Friday, 9 October 2009
Toronto, ON –The Ontario Superior Court began hearing evidence this week in Grassy Narrows’ case against logging on its traditional lands. Grassy Narrows is challenging Ontario’s right to approve industrial logging that interferes with its constitutionally guaranteed treaty rights. The Grassy Narrows trappers have been in the courts for close to a decade fighting to protect Treaty 3, which was signed by the Government of Canada in 1873. The trial is expected to last approximately 75 days.
“We have never given our consent to clearcut logging, and we have never given up our right to live off this land, but the government and the corporations choose to ignore this,” said Grassy Narrows representative Joseph Fobister. “The logging is destroying a way of life for our people, and we cannot allow that.”
In her decision to award costs in advance of trial, Madam Justice Spies wrote “I have no difficulty in concluding that the treaty interpretation issue is an issue of great public importance.”  She further stated that ”in my view this is a serious issue that had not yet been squarely decided or even considered in any case before.”  She explained that “Ontario would be paying a relatively small portion of the revenues it derives from forestry in the Whiskey Jack Forest to have tested, once and for all, the constitutionality of those activities, which are being carried out at the expense of Grassy Narrows.” 
“This historic test case will set a precedent for First Nations communities across the province whose lands are being clear-cut, strip-mined, and polluted for the benefit of multinational resource extraction companies.” said Anastasia Lintner, staff lawyer for Ecojustice.
On September 1, Amnesty International and 20 other organizations renewed their call on the Province to halt all logging in Grassy Narrows territory unless the free, prior and informed consent of the community is given.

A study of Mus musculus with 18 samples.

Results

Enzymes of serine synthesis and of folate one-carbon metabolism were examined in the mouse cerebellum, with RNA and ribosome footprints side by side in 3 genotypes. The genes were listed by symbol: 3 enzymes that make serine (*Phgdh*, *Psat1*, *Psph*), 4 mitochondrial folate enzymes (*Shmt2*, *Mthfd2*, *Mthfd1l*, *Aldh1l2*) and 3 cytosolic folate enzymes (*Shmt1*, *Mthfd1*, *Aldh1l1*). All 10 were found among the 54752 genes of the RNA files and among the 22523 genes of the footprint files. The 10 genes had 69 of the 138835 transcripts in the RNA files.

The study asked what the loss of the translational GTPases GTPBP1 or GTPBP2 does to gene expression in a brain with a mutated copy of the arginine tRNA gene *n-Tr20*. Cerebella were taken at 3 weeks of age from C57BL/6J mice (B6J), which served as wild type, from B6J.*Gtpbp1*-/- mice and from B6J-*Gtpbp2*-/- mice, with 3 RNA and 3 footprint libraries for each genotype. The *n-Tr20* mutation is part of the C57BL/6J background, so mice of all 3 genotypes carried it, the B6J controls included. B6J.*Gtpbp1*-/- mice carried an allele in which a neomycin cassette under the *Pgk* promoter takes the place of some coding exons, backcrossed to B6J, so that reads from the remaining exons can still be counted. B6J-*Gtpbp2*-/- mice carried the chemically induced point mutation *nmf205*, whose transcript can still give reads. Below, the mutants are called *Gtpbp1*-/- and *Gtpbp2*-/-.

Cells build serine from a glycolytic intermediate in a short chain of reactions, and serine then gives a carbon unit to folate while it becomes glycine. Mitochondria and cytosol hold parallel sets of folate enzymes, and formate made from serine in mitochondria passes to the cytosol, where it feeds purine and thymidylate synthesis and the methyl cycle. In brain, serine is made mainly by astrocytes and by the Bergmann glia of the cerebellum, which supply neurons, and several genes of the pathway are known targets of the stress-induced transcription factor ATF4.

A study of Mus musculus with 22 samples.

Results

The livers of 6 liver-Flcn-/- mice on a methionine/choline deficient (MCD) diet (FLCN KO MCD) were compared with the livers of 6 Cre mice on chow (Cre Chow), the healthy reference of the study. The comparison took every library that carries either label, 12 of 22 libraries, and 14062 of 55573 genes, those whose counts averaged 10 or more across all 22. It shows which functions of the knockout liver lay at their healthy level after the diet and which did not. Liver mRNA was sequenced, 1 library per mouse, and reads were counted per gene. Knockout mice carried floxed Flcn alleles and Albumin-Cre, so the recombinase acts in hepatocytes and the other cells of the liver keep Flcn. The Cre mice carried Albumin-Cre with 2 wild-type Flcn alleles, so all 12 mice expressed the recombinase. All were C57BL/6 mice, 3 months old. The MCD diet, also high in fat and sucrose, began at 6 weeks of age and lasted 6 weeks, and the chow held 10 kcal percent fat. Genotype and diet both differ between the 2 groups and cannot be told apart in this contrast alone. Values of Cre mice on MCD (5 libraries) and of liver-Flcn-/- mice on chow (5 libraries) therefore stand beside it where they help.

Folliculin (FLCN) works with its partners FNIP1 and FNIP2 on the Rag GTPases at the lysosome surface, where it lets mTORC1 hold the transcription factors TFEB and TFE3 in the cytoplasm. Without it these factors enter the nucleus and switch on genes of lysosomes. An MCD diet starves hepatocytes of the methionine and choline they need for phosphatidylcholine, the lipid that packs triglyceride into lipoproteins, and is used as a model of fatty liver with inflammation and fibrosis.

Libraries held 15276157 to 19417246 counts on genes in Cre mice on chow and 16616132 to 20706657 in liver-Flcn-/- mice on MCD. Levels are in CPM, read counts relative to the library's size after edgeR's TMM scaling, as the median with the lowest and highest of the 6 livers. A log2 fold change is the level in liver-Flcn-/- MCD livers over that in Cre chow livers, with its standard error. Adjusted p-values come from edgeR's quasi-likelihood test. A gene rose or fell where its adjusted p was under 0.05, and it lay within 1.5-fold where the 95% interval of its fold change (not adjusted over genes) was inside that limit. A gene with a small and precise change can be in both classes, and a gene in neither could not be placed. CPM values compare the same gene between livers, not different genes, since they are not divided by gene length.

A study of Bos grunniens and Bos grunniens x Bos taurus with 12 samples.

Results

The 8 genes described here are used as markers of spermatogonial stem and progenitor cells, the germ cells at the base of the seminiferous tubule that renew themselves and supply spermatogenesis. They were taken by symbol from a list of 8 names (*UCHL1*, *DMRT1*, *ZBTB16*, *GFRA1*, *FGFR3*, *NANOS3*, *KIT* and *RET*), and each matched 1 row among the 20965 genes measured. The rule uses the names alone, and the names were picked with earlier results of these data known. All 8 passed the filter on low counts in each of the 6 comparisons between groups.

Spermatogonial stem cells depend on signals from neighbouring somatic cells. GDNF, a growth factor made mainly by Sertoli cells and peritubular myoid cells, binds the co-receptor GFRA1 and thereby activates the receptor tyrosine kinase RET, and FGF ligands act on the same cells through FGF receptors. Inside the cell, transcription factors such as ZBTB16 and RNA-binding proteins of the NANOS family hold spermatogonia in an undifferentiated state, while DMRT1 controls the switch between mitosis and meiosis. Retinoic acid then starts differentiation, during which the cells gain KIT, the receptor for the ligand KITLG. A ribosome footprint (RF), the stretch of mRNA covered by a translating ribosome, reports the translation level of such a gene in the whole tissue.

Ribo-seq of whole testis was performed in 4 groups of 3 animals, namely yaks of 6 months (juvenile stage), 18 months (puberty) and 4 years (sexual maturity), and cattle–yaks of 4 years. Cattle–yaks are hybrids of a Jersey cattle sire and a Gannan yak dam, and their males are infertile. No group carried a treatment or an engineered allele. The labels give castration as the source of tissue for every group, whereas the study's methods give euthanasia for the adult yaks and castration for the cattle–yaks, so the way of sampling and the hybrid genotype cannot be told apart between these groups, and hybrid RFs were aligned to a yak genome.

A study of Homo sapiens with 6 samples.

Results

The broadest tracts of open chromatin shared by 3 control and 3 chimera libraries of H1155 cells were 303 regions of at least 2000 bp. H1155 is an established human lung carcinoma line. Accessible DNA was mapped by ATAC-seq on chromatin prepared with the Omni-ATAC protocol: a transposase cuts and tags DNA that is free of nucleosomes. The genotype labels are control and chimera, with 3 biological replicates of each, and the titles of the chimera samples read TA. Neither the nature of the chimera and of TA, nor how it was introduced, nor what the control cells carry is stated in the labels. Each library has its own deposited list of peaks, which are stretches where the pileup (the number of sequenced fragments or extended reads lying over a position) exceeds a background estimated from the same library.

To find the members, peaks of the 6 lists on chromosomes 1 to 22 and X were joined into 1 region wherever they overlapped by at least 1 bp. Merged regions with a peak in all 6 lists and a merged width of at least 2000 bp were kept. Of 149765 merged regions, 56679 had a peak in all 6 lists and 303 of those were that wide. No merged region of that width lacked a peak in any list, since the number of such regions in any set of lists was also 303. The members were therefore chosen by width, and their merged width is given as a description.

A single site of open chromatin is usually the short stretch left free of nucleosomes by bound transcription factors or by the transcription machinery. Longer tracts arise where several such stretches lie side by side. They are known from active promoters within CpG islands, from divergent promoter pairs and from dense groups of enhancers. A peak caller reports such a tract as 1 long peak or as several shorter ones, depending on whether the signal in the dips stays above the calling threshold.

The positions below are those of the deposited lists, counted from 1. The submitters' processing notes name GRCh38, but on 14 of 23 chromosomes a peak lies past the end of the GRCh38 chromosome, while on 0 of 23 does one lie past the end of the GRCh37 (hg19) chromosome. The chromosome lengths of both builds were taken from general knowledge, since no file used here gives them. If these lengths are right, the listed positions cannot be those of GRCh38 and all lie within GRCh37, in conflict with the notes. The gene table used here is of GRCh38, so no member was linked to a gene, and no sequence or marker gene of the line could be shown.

“Decades of failure to uphold the human rights of the people of Grassy Narrows have led to tragic levels of poverty, and ill health,” said Craig Benjamin, Campaigner for the Human Rights of Indigenous Peoples at Amnesty International. “The Province could have avoided being taken to court if it respected the right of Indigenous communities to say ‘no’ to unwanted development on their lands.”
Joseph Fobister, for Grassy Narrows: 807-466-4099
Robert Janes, for JFK Law: 250-888-5269
Kori Brus, for Ecojustice: 416-368-7533
Government and Industry officials failed to heed decades of Grassy Narrows’ official complaints, environmental assessment requests, negotiations, and public protests  giving rise to a peaceful grassroots blockade that has kept logging trucks off highway 671for nearly 7 years – the longest such action in Canadian history.
On June 3 of 2008 David Paterson, CEO of AbitibiBowater, then the largest newsprint producer in the world, yielded to international pressure and informed then Ontario Minister of Natural Resources, Donna Cansfield, that the company would discontinue using wood from Grassy Narrows territory and relinquish its license to log in the area.  AbitibiBowater’s withdrawal has suspended logging on Grassy Narrows territory, and the Band Council has entered into talks with the Province, represented by former Supreme Court Justice Frank Iaccobucci, over the long-term management of Grassy Narrows territory. 
There are growing concerns, however, that the province may have already made up its mind to continue large-scale clear-cut logging in the territory, and in March of 2009 the Province unilaterally approved a plan that identifies 27 areas to be clear-cut on Grassy Narrows territory, including 17 that will be more than 260 hectares in size. 
Seattle based lumber giant Weyerhaeuser is pursuing trees logged on Grassy Narrows territory for its Kenora Trus Joist mill to make Timberstrand products used in homebuilding throughout North America.  On June 15 Calvert Investments deleted Weyerhaeuser from the Calvert Social Index of sustainable and responsible companies due to Weyerhaeuser’s failure to meet the Index’s standards for Indigenous Peoples’ Rights. 
 para 234 Keewatin v. Ontario (Minister Of Natural Resources), 2006 CanLII 35625 (ON S.C.) http://www.canlii.com/eliisa/highlight.do?text=janes&language=en&searchTitle=Ontario+-+Superior+Court+of+Justice&path=/en/on/onsc/doc/2006/2006canlii35625/2006canlii35625.html
 op. cit. para 217
 op. cit. para 237
 Correspondence dating back to 1998 can be found at : http://freegrassy.org/learn_more/resources/official_correspondence/
 Toronto Star, Peter Gorrie, June 5, 2008. Protest prompts Abitibi pullout.
 Kenora Daily Miner and News, Mike Aiken, Dec. 3, 2008.
 Kenora Daily Miner and News, Mike Aiken, March 25, 2009.
 Kenora Daily Miner and News, Mike Aiken, Sept., 2008.